How do you silence a room full of photographers? By asking if they crop their pictures. In photography, cropping is taboo. Henri Cartier-Bresson disapproved and many have followed suit. At the risk of being disgraced, I admit that I sometimes crop.
Why is an uncropped picture sacred? In the early days of 35mm format, film emulsions weren’t as good as they are now, so it made sense to use the whole negative. And attitudes hardened when editors and layout artists started cropping images to serve their own needs. Understandably photographers got defensive. Some insisted on their pictures being used full frame – or not at all.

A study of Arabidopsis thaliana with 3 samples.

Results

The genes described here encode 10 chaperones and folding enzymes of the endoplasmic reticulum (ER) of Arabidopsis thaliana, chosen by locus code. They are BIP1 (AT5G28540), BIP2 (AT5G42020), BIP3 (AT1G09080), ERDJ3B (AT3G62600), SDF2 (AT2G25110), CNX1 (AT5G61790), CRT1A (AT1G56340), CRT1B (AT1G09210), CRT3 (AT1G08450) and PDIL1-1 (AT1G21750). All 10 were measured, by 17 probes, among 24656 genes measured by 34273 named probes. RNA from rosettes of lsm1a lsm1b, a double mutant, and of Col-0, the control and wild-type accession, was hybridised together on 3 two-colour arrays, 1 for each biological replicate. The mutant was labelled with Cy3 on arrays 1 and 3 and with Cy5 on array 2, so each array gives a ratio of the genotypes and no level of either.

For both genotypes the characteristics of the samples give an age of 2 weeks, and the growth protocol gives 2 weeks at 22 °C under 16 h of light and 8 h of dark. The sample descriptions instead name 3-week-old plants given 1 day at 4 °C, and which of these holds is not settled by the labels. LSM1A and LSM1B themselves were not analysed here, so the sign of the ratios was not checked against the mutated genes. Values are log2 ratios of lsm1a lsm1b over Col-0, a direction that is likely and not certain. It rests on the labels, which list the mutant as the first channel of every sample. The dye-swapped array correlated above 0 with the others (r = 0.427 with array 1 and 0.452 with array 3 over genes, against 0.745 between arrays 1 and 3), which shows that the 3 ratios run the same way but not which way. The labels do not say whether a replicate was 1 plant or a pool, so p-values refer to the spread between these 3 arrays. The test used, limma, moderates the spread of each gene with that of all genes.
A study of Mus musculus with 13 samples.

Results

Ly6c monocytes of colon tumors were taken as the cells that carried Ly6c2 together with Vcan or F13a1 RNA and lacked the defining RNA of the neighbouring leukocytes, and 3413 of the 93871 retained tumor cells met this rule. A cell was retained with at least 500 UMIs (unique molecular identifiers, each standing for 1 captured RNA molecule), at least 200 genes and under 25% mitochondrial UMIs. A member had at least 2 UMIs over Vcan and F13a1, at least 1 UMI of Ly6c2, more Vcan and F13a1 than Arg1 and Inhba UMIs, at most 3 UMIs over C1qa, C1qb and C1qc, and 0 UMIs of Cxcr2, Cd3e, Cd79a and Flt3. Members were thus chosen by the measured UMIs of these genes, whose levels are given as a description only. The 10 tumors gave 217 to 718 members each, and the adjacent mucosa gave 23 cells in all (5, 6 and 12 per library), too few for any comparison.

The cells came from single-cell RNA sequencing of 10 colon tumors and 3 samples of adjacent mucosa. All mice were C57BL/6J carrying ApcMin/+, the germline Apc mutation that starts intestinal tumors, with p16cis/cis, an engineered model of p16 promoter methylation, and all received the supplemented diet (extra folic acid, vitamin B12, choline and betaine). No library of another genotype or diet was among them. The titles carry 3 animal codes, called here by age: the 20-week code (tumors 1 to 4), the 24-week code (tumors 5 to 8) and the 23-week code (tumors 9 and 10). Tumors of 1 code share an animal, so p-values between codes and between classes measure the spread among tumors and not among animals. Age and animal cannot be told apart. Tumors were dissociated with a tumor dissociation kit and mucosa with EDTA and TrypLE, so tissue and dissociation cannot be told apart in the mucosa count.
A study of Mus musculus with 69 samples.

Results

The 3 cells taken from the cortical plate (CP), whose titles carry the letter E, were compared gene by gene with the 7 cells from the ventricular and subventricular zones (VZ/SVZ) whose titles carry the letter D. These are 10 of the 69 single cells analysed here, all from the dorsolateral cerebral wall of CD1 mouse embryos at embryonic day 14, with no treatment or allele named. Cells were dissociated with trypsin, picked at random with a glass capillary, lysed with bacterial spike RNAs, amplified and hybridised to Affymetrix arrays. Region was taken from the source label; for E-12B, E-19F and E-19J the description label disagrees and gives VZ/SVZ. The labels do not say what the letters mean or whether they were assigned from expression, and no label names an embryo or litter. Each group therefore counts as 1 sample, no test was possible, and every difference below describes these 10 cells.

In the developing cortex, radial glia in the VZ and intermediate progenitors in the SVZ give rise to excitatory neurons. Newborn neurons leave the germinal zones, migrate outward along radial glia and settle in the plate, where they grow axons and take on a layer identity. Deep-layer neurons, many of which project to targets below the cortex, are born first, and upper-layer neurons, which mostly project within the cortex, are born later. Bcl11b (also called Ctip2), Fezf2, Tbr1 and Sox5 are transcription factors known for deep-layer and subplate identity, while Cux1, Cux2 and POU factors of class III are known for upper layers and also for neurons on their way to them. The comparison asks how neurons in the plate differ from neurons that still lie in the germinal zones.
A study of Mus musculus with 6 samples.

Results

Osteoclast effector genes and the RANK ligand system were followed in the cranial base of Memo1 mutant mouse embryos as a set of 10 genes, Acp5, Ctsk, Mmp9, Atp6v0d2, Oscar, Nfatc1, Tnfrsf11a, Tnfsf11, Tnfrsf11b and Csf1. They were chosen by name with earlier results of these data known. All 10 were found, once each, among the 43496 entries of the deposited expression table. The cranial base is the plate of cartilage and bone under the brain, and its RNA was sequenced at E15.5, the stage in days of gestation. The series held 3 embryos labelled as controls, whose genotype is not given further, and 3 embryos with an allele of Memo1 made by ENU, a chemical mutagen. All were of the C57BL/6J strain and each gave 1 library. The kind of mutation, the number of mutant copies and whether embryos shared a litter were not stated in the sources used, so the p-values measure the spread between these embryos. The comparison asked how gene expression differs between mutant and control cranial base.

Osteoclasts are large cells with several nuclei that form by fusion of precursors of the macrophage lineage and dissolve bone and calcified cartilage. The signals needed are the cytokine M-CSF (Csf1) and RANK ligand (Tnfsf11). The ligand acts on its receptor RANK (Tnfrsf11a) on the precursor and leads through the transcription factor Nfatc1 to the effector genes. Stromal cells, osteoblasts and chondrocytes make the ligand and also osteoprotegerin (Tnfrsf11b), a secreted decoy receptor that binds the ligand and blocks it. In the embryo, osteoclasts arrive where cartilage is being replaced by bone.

With improved film emulsions and large sensors in digital cameras, I think it’s time to call a truce. Take this scene from Deptford market in south east London. Here are the original and cropped images:
For me, cropping has improved both the shape and composition of this picture.
Talking of picture shape, I’m surprised that 35mm format still dominates photography. It’s quite a strange shape, which came about by accident. In the 1920s, when Oskar Barnack designed the Leica rangefinder camera, he adapted the perforated film used in the cinema. Doubling the frame size (from 24mm by 18mm to 24mm by 36mm) he changed the shape of the picture frame – and rivals copied him. 24mm by 30mm would suit me better – a less elongated rectangle with sides in the ratio of 5 to 4. Are you listening, camera manufacturers?
Purists might insist that the only true image is an uncropped one, but aren’t they forgetting that any photograph is a cropped version of reality? If you’re willing to break the silence, I look forward to hearing your views on the matter.